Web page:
Words by James Cormack & Photos by Caroline Finn
Most of us have mixed outcomes when we need to use our National Health Service.
In my experience, the treatment from the beginning to the end was wholly positive.
It was in September 2020 I was diagnosed with urethral cancer.
My surgeon at the Beatson said he would need to use some radical treatment to get rid of it.
I was fortunate, as due to its location near the bladder, survival from this fairly uncommon type of cancer had a reasonably high success rate and it was likely, all being well, I would survive.
My operation was pencilled in for January 31 2021, barely five months later and in the middle of the Covid pandemic.
I considered myself very fortunate but there would be some complications to overcome before then.
A series of unfortunate events would take place, the first being the installation of a catheter in that most sensitive part of the male anatomy.
I had heard once that happens your defences are down and there is more chance of catching an infection.
That, allied to the heavy seven-hour doses of chemotherapy I was now on, meant there was a high chance an infection would be coming my way; and they don’t come much worse than sepsis!
Journey with a Difference
The first signs came, of all places, in Nairn railway station, returning from a week’s work in the local secondary school.
As I boarded the train my condition deteriorated, switching trains to Inverness and then Glasgow Queen Street.
By the time I made it to Dumbarton East an ambulance was called as by then my complexion was a grey pallor.
This was to happen on another two occasions in the next two months.
What, or rather who, I came to particularly appreciate were the ambulance crews, one of which came from the Stirling area to take me to the Royal Alexandria Hospital in Paisley.
I also learned fairly quickly that one of the most important pieces of equipment they carry is the intravenous drip that administers the antibiotics, which on all three occasions, literally saved my life.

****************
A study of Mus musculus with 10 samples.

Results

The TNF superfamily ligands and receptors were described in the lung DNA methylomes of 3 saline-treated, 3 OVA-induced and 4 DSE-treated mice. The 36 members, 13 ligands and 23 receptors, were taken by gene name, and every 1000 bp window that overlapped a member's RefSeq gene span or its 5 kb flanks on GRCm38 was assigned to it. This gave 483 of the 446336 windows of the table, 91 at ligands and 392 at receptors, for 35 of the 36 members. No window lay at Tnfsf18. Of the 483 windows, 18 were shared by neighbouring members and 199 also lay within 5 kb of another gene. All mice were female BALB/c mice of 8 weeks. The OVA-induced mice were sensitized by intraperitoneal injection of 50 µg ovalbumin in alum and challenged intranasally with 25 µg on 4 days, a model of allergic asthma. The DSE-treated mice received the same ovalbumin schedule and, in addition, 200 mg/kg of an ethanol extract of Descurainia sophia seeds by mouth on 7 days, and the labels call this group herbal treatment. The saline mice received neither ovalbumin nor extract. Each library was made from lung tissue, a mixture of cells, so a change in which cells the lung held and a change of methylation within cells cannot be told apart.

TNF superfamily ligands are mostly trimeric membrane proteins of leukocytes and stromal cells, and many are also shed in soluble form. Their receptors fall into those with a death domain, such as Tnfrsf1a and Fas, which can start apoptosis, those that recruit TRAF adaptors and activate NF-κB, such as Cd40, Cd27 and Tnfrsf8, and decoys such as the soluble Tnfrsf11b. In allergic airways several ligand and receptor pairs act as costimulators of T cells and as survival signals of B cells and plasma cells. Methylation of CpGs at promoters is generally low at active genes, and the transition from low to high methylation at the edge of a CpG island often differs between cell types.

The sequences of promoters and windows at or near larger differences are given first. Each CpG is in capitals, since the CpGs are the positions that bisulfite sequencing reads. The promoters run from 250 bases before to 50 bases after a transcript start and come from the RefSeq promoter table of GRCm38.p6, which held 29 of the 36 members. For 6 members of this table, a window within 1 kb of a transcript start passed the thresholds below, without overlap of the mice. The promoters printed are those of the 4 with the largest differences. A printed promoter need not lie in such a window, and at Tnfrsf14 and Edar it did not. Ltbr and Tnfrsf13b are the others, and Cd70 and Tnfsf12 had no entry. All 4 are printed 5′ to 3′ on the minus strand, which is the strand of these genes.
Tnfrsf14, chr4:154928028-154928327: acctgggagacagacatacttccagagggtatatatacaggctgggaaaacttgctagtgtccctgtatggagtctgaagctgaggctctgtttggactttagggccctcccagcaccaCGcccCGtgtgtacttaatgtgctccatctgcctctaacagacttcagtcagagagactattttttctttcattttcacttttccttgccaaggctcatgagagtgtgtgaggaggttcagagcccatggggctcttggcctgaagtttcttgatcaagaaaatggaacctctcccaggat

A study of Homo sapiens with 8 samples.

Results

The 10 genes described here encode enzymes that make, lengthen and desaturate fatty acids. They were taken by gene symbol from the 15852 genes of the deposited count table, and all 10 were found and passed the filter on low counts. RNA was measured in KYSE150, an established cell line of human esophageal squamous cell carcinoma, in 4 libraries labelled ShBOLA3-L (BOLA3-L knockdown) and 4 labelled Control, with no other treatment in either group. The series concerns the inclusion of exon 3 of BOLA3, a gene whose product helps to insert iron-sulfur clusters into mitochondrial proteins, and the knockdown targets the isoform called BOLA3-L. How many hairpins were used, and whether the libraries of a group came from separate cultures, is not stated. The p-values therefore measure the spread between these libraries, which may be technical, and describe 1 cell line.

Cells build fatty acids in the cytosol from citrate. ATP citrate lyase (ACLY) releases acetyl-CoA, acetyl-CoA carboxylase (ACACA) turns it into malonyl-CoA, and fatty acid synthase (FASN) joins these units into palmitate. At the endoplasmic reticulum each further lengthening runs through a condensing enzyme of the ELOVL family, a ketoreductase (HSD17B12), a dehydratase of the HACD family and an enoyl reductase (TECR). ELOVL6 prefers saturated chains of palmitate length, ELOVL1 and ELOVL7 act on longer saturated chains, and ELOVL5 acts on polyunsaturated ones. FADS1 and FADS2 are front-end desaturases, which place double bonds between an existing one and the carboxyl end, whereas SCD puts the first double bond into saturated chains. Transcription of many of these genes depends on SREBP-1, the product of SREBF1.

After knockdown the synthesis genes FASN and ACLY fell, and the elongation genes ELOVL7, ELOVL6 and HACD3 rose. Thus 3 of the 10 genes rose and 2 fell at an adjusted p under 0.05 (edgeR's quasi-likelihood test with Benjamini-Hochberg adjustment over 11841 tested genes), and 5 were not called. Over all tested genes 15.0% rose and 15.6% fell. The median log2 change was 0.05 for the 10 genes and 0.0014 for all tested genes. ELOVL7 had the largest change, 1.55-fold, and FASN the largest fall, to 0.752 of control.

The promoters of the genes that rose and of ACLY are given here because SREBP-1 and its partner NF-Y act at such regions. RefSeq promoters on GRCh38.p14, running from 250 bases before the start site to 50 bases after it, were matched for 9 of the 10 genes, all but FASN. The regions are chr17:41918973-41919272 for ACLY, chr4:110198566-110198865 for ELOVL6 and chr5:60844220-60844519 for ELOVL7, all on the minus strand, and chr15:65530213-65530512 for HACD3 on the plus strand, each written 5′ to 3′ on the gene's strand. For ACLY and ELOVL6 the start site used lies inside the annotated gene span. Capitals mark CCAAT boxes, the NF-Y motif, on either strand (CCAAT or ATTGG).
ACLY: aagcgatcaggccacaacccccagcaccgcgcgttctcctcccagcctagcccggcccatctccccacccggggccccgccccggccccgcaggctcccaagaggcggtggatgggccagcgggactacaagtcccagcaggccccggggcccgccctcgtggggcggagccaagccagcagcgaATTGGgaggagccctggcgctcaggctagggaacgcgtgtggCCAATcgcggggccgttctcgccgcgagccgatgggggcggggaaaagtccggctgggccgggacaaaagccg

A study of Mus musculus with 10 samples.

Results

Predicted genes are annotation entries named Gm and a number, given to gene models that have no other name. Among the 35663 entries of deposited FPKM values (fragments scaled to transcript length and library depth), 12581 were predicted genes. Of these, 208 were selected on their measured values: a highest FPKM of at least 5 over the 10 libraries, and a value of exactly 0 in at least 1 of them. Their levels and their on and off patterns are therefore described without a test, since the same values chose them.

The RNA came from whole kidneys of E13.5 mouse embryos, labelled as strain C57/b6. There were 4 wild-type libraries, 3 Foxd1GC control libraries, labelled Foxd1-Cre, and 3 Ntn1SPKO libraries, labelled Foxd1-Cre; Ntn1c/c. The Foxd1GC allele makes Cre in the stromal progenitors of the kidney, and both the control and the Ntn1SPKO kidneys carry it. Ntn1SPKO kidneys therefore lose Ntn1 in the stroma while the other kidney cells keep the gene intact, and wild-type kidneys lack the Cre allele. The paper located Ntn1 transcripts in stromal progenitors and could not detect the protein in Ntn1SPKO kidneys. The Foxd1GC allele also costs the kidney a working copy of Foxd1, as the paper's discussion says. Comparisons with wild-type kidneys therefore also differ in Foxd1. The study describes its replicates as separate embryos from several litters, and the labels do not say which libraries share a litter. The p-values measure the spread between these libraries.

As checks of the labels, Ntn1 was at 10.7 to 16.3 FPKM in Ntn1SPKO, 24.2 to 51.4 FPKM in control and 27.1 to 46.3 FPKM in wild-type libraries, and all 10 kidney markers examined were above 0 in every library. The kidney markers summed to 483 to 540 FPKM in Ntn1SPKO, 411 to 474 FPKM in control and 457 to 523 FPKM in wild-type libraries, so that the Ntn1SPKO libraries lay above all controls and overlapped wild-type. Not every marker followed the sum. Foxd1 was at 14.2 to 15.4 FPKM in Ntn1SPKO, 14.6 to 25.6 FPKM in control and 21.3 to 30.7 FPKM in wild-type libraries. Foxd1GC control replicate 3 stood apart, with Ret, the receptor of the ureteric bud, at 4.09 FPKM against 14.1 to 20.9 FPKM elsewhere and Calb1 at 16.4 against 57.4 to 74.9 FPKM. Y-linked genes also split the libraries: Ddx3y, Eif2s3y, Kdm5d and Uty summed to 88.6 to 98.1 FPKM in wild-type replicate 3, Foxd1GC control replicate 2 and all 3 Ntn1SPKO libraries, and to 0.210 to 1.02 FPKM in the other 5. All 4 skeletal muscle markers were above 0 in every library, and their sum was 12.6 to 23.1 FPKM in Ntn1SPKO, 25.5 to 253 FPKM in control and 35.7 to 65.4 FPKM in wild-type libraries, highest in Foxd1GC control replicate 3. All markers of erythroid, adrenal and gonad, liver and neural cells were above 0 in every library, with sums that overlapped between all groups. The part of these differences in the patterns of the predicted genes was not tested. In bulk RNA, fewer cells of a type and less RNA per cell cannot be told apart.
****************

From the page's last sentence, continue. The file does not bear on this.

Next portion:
What then happened was a heart attack in hospital (best place to have one).
This was followed by a bout of delirium, where I made absurd claims to the nurses about Dumbarton FC winning the Scottish Cup, Scotland being triumphant in the World Cup and other such nonsense.
And then there were the attempts to get blood.
My hands and veins are smaller than normal, and it took a certain skilled practitioner to coax the stuff out of my body and into their syringe.
I became a minor celebrity amongst some of the nurses – if they could get blood out of me, they had achieved something.
In the end the procedure was successful, though I did have to have my prostate removed along with my bladder, after which I had to have a stoma bag installed.
Certainly, it was better than having to visit the bathroom eight or nine times a night.
I also had to take lots of tablets and insert insulin by syringe twice a day to lower my blood sugar and control my diabetes which, frankly, was very unpleasant.
The whole experience was, apart from these small inconveniences, generally very positive.
The service before, during and after the procedure was very professional and the surgeons and nurses were exemplary.
I was told everything I had done would cost well in excess of £20,000 in certain other countries: thanks to our NHS I didn’t have to pay a penny.
I was optimistic all would work out in the end, and it did.
My only problem was the boredom and the lack of music.
The only issue I now have is dealing with the aftereffects of the loss of the prostate, but that’s another issue altogether.